Since the beginning of human civilization, furniture design has been an important part of everyday life. Evidence of home furnishings survives from as far back as the neolithic period and continues an uninterrupted series of design and style revisions up until the modern day. Wherever and whenever people have lived, they’ve attempted to make their lives more comfortable and practical by furnishing their homes with various forms of seating, cabinetry and table top surfaces.
A wide range of stone furniture was discovered with the excavation of an archeological site in Skara Brae, Orkney dating from somewhere between 3100-2500 BC. The furnishings were constructed of stone due to a lack of wood in the area and consisted of dressers, cupboards, beds, shelves and various stone seating.
Many examples of ancient Egyptian furniture still survive thanks to the arid desert climate that serves to preserve organic material so well. Ornate, gilded boxes, beds, chairs and benches have been excavated from sites throughout Egypt and date back thousands of years. Although the most famous examples of ancient Egyptian furniture are ornate and elaborate, having been excavated from the tombs of the pharaohs, simple everyday chairs, tables and baskets have also been found.
The ancient Greeks were heavily influenced by the Egyptians in their early furniture designs. While many examples of ancient Greek furnishings still exist, much can also be learned by studying the ancient art found on vases and frescoes. Much information about Roman furnishings has been preserved in this way in places such as Herculaneum and Pompeii where entire streets and homes were protected for millennia by a thick blanket of volcanic ash following the eruption of Mount Vesuvius.
Medieval period furniture, at least that of the upper class, commonly featured ornate carvings and mostly subdued colors, often black and various tones of grey. Linear lines were dominant with curved forms occurring only rarely.
The Greco-Roman design style experienced a major resurgence during the Italian Renaissance of the fourteenth and fifteenth century. The idea of Humanism was important during the renaissance and the furnishings of the period often reflect those concepts. Elaborate carvings, scrollwork and extremely intricate florid ornamentation were intended to showcase the exceptional skills of the craftsman who were hand-making each piece. A similar flourishing of culture also occurred outside of Italy around the same time period, mainly in the Netherlands, Belgium and France.
The florid excesses of the renaissance gradually gave way to the quieter and much less ornamental Jacobean style. Straighter, narrower forms became typical while profiles in general were lowered and made more rectilinear. As time passed, Carolean furnishings began to regain some of the flamboyance of the renaissance, incorporating colorful upholstery, intricate carvings and tasseled trim.
Across the Atlantic, during the early colonial period of the United States, immigrants who had originally brought furnishings with them from “the old world”, were beginning to develop styles of their own. The sometimes harsh and utilitarian lifestyle of the early American settlers prompted furniture designs that were often simpler and sturdier, lacking in much of the decorative aspects of their parent styles. The Dutch, French and Spanish settlers also brought their own influences into the colonies. Distinctive climate and wood choices led the Spanish to develop the style known as Mission or Southwestern.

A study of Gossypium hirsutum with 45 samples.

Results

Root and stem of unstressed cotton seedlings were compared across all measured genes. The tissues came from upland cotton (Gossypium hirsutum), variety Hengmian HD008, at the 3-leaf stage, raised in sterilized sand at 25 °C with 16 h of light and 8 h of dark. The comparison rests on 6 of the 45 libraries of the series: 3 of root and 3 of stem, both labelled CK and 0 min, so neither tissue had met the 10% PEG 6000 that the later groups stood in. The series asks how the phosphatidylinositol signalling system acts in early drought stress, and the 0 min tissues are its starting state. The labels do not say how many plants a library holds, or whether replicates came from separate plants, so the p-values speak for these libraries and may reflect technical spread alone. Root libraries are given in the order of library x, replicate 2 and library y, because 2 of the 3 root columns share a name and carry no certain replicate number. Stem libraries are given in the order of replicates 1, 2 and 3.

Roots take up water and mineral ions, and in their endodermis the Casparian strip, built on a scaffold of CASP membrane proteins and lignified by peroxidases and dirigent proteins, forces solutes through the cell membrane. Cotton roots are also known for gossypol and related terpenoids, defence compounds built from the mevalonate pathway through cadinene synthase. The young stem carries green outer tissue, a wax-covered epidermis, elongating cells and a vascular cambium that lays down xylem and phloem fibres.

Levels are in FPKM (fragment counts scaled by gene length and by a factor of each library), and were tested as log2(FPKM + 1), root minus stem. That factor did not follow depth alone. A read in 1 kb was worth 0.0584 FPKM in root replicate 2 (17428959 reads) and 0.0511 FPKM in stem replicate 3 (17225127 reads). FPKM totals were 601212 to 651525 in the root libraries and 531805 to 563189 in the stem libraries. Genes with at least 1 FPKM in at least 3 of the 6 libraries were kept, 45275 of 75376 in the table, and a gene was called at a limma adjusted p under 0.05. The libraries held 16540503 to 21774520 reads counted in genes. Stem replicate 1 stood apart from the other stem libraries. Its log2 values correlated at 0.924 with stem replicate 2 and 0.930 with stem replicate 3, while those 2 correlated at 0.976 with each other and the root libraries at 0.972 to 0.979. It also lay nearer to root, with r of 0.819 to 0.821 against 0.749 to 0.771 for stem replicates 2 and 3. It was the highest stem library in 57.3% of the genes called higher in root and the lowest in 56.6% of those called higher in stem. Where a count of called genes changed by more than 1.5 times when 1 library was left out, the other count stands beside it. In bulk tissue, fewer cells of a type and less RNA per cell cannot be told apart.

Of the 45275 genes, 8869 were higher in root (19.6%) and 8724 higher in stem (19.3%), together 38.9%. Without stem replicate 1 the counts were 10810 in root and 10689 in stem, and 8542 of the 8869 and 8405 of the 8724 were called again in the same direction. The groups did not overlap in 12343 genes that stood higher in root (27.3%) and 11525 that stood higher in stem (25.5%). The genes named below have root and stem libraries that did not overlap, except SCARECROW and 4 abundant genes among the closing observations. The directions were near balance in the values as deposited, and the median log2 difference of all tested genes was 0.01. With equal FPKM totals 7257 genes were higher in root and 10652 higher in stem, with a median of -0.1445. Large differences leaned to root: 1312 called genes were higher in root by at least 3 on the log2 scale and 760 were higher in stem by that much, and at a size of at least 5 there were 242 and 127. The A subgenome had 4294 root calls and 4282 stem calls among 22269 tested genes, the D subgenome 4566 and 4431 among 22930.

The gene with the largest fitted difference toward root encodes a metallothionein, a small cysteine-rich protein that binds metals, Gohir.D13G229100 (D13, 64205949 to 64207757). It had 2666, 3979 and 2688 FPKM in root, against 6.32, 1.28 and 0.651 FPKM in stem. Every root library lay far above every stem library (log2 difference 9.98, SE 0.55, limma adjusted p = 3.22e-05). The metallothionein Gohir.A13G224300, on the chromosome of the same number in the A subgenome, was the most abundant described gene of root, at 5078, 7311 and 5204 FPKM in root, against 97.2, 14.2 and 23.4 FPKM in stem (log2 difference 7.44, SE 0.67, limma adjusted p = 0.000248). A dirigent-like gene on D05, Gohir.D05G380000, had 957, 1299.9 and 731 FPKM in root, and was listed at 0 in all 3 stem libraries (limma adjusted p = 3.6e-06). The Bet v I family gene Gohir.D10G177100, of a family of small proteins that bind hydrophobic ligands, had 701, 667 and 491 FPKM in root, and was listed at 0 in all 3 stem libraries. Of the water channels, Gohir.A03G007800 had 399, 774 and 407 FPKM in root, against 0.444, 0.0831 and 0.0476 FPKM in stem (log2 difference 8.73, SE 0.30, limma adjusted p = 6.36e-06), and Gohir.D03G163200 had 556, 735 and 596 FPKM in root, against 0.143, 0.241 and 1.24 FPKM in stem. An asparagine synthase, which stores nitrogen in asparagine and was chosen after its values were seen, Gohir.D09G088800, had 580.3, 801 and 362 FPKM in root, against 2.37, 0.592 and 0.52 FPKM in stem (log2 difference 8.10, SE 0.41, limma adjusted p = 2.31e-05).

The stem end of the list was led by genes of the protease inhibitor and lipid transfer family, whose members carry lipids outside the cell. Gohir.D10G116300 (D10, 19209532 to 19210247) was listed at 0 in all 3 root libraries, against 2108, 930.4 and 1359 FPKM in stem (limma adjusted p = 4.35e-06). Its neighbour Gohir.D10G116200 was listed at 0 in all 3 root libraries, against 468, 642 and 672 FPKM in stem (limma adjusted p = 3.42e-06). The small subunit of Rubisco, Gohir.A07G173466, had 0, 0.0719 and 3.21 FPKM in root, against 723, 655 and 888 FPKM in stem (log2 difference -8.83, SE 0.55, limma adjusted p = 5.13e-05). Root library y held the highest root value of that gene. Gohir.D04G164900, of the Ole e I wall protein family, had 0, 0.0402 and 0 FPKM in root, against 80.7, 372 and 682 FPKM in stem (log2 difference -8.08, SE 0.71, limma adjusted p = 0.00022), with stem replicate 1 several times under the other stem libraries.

The eighteenth century brought enormous innovation to furniture design and is commonly regarded as “The Golden Age” of the master cabinetmaker. Familiar styles such as Queen Anne, William and Mary, Georgian, Chippendale, Hepplewhite, Sheraton, Regency, Federal and Rococo, all originated during this period.
With the arrival of the Industrial Revolution in the nineteenth century, mass-production and the demise of the hand-craftsman led to a flurry of imitation or revival styles. Excessive ornamentation in the form of appliques made of metal or wood, carvings, inlays and stencils are hallmarks of the several different revivals that originated following the advent of “assembly line” technologies and the ever increasing working populations of large cities.
Beginning in Paris in the 1920’s, Art Deco represented elegance, glamour, functionality and modernity. The symmetrical linearity of art deco was a distinct departure from the curving organic nature of the art nouveau designs preceding it. Art deco eventually fell out of favor and finally came to a close as a mainstay of design with the outbreak of World War II.
With the influx of new materials developed during the war, the Modern furniture style was born. Laminated plywood, plastics, and fiberglass allowed designers to experiment with a combination of newness, originality and technical innovation that conveyed a sense of the present and the future, instead of dwelling on past aesthetics as the previous revival styles had done.
Contemporary furniture designs continue to evolve as new fabrics, composite materials and even technology and electronics are constantly finding new ways to be incorporated into our modern lives. A brief look back at the history of furniture quickly reveals a dynamic trend of socially-inspired development that will surely continue as human civilization advances through the years to come.